ORLANDO, Fla. (AP) — Republican presidential contenders sharply criticized President Barack Obama's handling of the economy in a campaign debate Thursday night, calling for tax cuts, elimination of government regulations and other steps to help create jobs in a nation with 9.1 percent unemployment.
"The president's party wants to take from some people and give to others. That isn't the way to lift America," said former Massachusetts Gov. Mitt Romney.
Texas Gov. Rick Perry said his state ranked first in the country five years in the row in attracting businesses looking to relocate. "Something special happened there ... and we plan to keep it that way," he said.
Rep. Michele Bachmann of Minnesota told one questioner, "You should get to keep every dollar you earn," then backpedaled. "Obviously we have to give money back to the government so we can run the government," she said.
The debate was the third in as many weeks for the GOP hopefuls and. in its opening moments, quite a bit less combative than the other two. Obama was the target of the nine presidential hopefuls on the debate stage, rather than each other.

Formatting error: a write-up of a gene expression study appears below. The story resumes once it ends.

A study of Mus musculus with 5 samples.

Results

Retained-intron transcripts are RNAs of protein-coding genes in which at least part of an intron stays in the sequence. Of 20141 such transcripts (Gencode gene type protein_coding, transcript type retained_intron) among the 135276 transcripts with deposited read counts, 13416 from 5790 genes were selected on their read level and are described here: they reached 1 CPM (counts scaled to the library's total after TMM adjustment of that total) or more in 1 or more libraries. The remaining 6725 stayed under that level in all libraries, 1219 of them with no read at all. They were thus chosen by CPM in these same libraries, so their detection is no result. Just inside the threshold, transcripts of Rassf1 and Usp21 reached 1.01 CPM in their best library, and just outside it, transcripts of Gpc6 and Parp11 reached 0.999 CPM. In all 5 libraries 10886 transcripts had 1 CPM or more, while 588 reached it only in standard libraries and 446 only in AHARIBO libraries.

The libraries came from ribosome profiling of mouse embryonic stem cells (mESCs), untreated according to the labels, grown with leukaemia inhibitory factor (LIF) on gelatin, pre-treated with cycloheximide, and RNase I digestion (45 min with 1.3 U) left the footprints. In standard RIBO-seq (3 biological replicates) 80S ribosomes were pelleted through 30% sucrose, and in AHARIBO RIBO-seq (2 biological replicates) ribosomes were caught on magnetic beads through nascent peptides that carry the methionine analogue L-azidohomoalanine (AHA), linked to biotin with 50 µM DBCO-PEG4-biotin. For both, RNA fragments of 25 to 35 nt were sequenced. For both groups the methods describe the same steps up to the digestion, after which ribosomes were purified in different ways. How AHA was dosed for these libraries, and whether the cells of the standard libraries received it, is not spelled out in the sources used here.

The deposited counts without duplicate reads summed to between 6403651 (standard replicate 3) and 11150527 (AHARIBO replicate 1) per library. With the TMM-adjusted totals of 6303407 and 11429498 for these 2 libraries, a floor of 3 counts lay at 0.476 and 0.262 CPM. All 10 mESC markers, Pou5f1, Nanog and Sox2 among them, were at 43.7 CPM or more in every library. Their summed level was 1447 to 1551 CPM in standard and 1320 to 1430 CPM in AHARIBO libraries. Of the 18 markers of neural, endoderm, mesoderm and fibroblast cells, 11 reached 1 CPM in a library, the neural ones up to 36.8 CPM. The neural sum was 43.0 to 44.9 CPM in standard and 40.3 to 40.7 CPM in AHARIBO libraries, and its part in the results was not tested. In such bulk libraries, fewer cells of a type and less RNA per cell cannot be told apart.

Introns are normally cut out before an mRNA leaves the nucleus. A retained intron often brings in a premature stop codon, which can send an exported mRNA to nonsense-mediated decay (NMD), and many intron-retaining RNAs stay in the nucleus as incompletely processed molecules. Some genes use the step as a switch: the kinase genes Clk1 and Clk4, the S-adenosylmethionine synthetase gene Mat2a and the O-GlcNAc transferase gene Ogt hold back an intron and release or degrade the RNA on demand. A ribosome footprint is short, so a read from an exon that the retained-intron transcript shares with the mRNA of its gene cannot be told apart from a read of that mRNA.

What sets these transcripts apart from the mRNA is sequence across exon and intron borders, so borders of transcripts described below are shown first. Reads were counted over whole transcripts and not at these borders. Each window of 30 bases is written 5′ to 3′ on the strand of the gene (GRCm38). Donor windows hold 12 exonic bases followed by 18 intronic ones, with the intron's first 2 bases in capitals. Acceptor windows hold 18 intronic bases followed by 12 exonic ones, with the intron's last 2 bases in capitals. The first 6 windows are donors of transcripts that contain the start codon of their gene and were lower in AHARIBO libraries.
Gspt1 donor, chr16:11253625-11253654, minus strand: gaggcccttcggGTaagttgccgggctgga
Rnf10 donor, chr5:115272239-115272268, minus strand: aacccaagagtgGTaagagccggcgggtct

The two-hour event was sponsored by Fox News and Google, in keeping with an emerging trend in which mainstream media organizations partner with Internet companies .
Without saying so, former House Speaker Newt Gingrich gave an endorsement of sorts to one of the elements of Obama's job proposals. Asked whether he would renew unemployment benefits for those out of work, he said they should be required to participate in a "business led" job training program. "I believe it is fundamentally wrong to give people money for 99 weeks for doing nothing." He added.
Obama has called for Congress to extend the current system of unemployment benefits, but he also wants to permit states to experiment with the type of training program that has been used in Gingrich's home state of Georgia.
Also on stage were former Pennsylvania Sen. Rick Santorum, Rep. Ron Paul of Texas, former New Mexico Gov. Gary Johnson, businessman Herman Cain and former Utah Gov. Jon Huntsman.